Islam representatives condemn terrorist attack

Muslim organisations and scholars around the world have condemned the terrorist attack on the offices of Charlie Hebdo. Commentators see the attack as an assault on modern Islam and criticise right-wing populists for trying to capitalise on the event.


Declaration of war on modern Islam

The brutal attack on the editorial offices of Charlie Hebdo was also aimed at Islam, the Paris-based Moroccan author Tahar Ben Jelloun writes in the left-liberal daily Le Monde: "In crying 'Allah akbar', the killers were also acting against Islam and Muslims. This is a declaration of war on democracy, whose institutions and laws make republican Islam possible. … We must realise that this is not an isolated attack by a couple of vengeful thugs but a radical, evil attempt to prevent Muslims from living out their religion on secular soil while respecting the laws of the Republic. It is an attempt to isolate Muslims by making them enemies of France. For this reason we must all fight back, for we are all affected."

Galamus (HU) /

Allah would punish attackers without mercy

Allah would punish the murdering jihadists without mercy if he were alive, sociologist Ferenc Krémer writes on the left-liberal opinion portal Galamus: "Allah is dead, and Muhammad's words are gone with the wind. Allah didn't die because of the Paris attack; he was already dead when Osama bin Laden arrived on the scene. But if he were still alive he would mete out terrible punishment to those who kill innocent people in his name. And also to those who want to live like their ancestors did 1500 years ago. The unfathomable cruelties of the Islamic State are only possible because they are being committed by the zombie army of a dead god."

Sözcü (TR) /

Muslim world has created terror

The attack in Paris is yet another example of the atrocities Muslims are capable of committing, the Kemalist daily Sözcü writes in anger: "After the attack those in government became uneasy and announced, as if they themselves were the perpetrators: 'In our religion there is no terror. Islam and terror are irreconcilable.' My brothers, terrorism is practised by Islamist organisations all over the world. ... They set off bombs, brandish weapons, hack off arms and heads, they kidnap and rape. ... Why is it that this lottery always falls on our religion? Because the Muslims have created an Islamic world that tolerates no criticism, and in which there is no freedom of thought or opinion - or any freedom at all for that matter. Everything is solved with blood, weapons and pressure. Women are considered third-class citizens and slaves. ... Power is held by anyone with a weapon in his hand. And all that just to implement the rules of Islam."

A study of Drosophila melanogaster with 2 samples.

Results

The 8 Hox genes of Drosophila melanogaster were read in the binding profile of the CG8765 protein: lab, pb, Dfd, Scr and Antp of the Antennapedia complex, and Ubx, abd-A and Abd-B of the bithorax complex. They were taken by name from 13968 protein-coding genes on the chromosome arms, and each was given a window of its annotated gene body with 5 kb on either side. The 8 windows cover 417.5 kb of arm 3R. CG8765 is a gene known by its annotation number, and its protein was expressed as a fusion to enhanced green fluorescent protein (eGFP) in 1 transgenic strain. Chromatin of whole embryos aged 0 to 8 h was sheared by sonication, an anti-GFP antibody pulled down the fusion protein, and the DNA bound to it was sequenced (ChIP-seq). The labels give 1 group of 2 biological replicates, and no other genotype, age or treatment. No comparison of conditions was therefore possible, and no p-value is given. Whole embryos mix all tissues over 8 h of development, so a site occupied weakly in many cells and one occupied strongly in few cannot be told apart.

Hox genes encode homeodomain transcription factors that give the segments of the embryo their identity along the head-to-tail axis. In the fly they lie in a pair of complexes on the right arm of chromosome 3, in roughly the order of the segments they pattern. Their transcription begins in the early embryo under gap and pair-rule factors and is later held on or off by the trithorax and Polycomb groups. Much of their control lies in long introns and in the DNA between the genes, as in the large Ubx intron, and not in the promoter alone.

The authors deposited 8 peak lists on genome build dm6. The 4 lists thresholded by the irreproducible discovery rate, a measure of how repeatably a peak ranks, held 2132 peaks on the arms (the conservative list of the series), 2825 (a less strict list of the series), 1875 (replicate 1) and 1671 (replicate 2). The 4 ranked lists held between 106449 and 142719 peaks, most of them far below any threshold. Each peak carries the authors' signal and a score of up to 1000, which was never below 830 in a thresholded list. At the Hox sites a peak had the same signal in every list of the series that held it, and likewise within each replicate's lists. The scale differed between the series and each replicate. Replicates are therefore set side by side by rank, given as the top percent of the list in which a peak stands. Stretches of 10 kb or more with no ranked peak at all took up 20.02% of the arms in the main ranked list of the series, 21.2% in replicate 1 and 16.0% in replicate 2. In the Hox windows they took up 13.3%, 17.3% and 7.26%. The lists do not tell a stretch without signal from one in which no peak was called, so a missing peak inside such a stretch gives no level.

Adevărul (RO) /

No recipe against new forms of terrorism

The security measures that have been developed since 9/11 in the fight against terror couldn't prevent the Paris attack, columnist Obvidiu Nahoi writes on the blog of the liberal-conservative daily Adevărul: "The violence in Paris belongs to the attacks of Generation 2.0 that bear the stamp of the Islamic State. The centralised system from the times of al-Qaeda, when the attacks were financed and authorised by a central body, seems to be a thing of the past. The [anti-terrorism] measures after 9/11 were successful even if they meant more intense monitoring of communications, bank transfers and so on. The attacks of the 2.0 generation are far more difficult to eliminate because they are carried out by perpetrators operating on their own, often acting spontaneously. ... Can methods be developed which not only listen in on communications networks but also penetrate people's minds?"

Tages-Anzeiger (CH) /

Le Pen hindering national unity in France

On the day after the attack on Charlie Hebdo, France's President François Hollande welcomed his rival Nicolas Sarkozy to the Elysée Palace in a gesture aimed at strengthening the country's unity. But that won't be easy, the left-liberal daily Tages-Anzeiger contends: "The first sour note came just a few hours after the attack, not surprisingly from the far-right Islamophobic Front National. Marie Le Pen said that while it's wrong to lump everything together, 'that must not be an excuse for inaction or ignoring reality.' ... And her father Jean-Marie quickly drew a correlation between terrorism and the 'mass immigration' that France has 'suffered' for several decades. Such statements could hinder Hollande's attempt to cement the factions and counteract polarisation in the country."

Berliner Zeitung (DE) /

Extremists united in hatred of media

The deputy chairman of the right-wing populist AfD party, Alexander Gauland, said after the attack in Paris that it showed that all those who have ignored the people's fears of Islam were liars. Never before have Islamists and Islamophobics been so close to each other, the left-liberal daily Berliner Zeitung comments: "Gauland, who sees 'Pegida' as a natural ally for his AfD, has committed necrophilia in public. ... What they have in common [with the Islamists] is the hatred of the 'lying press' which the [Pegida] demonstrators give vent to Monday after Monday in Dresden. This selfsame hatred is what motivated the attackers, who were trying to silence the lying press. ... The bullets weren't just fired at journalists, they were also aimed at a brand of journalism that defends the spirit of freedom against all those whose thoughts are driven by resentment and whose feelings are driven by fear and hatred."